The Home Office's decision to house cross-channel migrants in a "squalid" barracks in Folkestone was unlawful, the High Court has ruled.
Six asylum seekers brought the case, claiming Napier Barracks was "unsafe" and dormitory use caused a Covid-19 outbreak earlier this year.
The ruling could see a damages claim against Home Secretary Priti Patel.
The Home Office said use of the barracks would continue, and it was considering its "next steps".
The judgment could lead to further cases from any other men held at the camp who can bring similar evidence to court.
Mr Justice Linden's judgment looked in detail at a fire that broke out at the site in January, and when nearly 200 people contracted coronavirus during an outbreak at the camp.
The ruling followed hearings that took place in April.
The judge said: "I do not accept that the accommodation there ensured a standard of living which was adequate for the health of the claimants.
"Insofar as the defendant considered that the accommodation was adequate for their needs, that view was irrational."
By Dominic Casciani, home and legal correspondent, BBC News
One of the crucial questions about Napier is why it was allowed to open in the way it did, given Public Health England (PHE) had warned the Home Office the dorms would not be suitable.
During the High Court hearing in April, there was no witness statement from PHE or Clearsprings - the Home Office contractor running the site - about how a plan was developed to manage Covid-19 risks.
The judge found civil servants appreciated the risks existed, but it's not clear how they took on board the "significant problem" PHE warned of, given they also needed to get the best value of money out of the site.
The "bottom line", said the judge, was the arrangements were contrary to PHE advice and did not even implement measures which the Home Secretary herself had apparently regarded as desirable and feasible.
Read more from Dominic here.
Mr Justice Linden also criticised the "detention-like" setting for the men.
He said: "They were supposed to live voluntarily pending a determination of their applications for asylum.
"When this is considered, a decision that accommodation in a detention-like setting - a site enclosed by a perimeter fence topped with barbed wire, access to which is through padlocked gates guarded by uniformed security personnel - will be adequate for their needs, begins to look questionable."
Following the ruling, campaigners, including human rights group Liberty, Refugee Action and the Joint Council for the Welfare of Immigrants, called for the immediate closure of the site.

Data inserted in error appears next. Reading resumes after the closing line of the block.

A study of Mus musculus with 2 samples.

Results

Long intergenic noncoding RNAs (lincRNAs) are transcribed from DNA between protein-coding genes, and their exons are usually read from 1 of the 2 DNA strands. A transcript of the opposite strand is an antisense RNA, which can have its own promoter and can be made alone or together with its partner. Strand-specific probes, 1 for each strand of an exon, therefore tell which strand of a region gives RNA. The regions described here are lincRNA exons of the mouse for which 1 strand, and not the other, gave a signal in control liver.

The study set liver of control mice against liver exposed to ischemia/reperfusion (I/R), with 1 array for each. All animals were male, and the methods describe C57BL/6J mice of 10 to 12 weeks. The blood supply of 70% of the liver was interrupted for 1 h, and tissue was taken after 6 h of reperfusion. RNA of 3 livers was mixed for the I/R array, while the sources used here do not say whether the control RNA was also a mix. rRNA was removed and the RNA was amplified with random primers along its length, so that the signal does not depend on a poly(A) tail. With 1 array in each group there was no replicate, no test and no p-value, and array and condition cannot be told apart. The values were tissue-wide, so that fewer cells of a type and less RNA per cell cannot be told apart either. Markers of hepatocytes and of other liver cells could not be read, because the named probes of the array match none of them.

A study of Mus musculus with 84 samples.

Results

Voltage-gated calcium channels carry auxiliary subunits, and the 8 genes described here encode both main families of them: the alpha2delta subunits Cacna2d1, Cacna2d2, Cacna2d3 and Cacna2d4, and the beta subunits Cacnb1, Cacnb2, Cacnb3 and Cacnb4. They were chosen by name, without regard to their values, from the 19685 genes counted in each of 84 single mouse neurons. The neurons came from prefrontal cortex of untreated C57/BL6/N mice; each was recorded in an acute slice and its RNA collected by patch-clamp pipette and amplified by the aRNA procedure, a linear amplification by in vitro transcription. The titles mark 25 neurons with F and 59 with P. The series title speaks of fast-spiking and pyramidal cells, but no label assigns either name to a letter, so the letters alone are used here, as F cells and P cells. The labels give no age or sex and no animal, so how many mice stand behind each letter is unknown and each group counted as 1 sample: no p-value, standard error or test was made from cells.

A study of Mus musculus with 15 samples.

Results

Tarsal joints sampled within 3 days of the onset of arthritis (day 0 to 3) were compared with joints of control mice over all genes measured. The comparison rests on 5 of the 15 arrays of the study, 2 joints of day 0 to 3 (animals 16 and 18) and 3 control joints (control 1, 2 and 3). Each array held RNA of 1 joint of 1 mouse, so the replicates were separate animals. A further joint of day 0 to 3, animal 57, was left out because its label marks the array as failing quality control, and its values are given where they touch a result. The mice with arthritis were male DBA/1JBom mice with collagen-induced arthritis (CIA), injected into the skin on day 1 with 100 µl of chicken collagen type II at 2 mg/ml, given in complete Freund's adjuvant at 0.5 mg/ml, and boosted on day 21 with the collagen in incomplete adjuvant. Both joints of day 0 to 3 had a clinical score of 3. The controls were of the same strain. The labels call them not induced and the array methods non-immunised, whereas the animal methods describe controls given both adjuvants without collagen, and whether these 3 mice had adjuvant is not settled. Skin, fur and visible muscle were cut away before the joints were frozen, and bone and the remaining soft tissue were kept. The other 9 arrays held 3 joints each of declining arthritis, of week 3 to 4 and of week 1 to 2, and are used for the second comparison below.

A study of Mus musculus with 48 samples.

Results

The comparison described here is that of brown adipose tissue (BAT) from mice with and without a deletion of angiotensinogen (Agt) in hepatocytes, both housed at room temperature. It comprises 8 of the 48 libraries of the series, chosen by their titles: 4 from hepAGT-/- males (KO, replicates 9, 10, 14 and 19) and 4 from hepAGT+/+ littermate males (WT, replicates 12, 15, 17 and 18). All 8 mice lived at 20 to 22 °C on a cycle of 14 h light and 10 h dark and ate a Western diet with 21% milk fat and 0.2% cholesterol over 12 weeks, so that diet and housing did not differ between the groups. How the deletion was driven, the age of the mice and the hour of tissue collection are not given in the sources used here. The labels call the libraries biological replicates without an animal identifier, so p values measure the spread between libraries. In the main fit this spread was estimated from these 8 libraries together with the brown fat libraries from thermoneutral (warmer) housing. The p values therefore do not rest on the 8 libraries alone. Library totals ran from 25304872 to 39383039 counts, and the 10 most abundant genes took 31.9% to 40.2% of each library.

Liberty lawyer Lara Ten Caten said: "The government's only response can be to close it down immediately."
Refugee Action and the JCWI accused the government of being reckless with people's lives.
Yvette Cooper, home affairs select committee chairwoman, said Ms Patel and the Permanent Secretary told the committee in February the Home Office was working "in line with public health guidance".
She said: "Clearly they were not. We have called on them both to come back before the committee at the earliest opportunity to explain the decisions they made and also the contradictions with the information they previously gave us in light of today's court ruling."
Men living at the barracks told the BBC conditions were inhumane.
One man, speaking through the fence at the site, said there was no hot water or electricity and only one shower for 100 people.
Lawyers from Deighton Pierce Glynn (DPG) had claimed the site - which they said still housed more than 265 people - had breached the migrants' human rights.
The firm said despite emptying the barracks in early April 2021 and amid ongoing concerns from public health officials that the site could not be made Covid-19 secure, the Home Secretary began refilling the site.
DPG said residents are sleeping in dormitories of up to 12 people and lawyers understood the intention was to fill the barracks to over 300.
In April, the court heard public health experts had repeatedly raised concerns about the use of the site during a pandemic, while an independent report found seven suicide attempts and seven incidents of serious self-harm.
Failings at the barracks included:
- Lack of ventilation
- Run-down buildings
- Use of communal dormitories during a pandemic
- Significant fire risks
- 'Filthy' facilities
- 'Decrepit' isolation block not fit for habitation
Tom Hickman QC, representing four claimants, previously told the court the site was "squalid, ill-equipped, lacking in personal privacy and unsafe".
Lisa Giovannetti QC, representing the Home Office, said clinically vulnerable people had been "sifted out".
She said Ms Patel had decided the barracks could be used safely by "introducing safeguards".
But in a statement read to the court, one of the claimants, who was later moved to other accommodation, said: "The situation in the camp is very bad and degrading."
"Detainees in the barracks including myself have lost hope."
The judge declined to rule the barracks could never be used to house asylum seekers, but called for "substantial improvements".
The Home Office and the six men have yet to agree on damages.
A Home Office spokesman said: "During the height of the pandemic, to ensure asylum seekers were not left destitute, additional accommodation was required at extremely short notice.
"Such accommodation provided asylum seekers a safe and secure place to stay. Throughout this period our accommodation providers and sub-contractors have made improvements to the site and continue to do so.
"It is disappointing that this judgment was reached on the basis of the site prior to the significant improvement works which have taken place in difficult circumstances."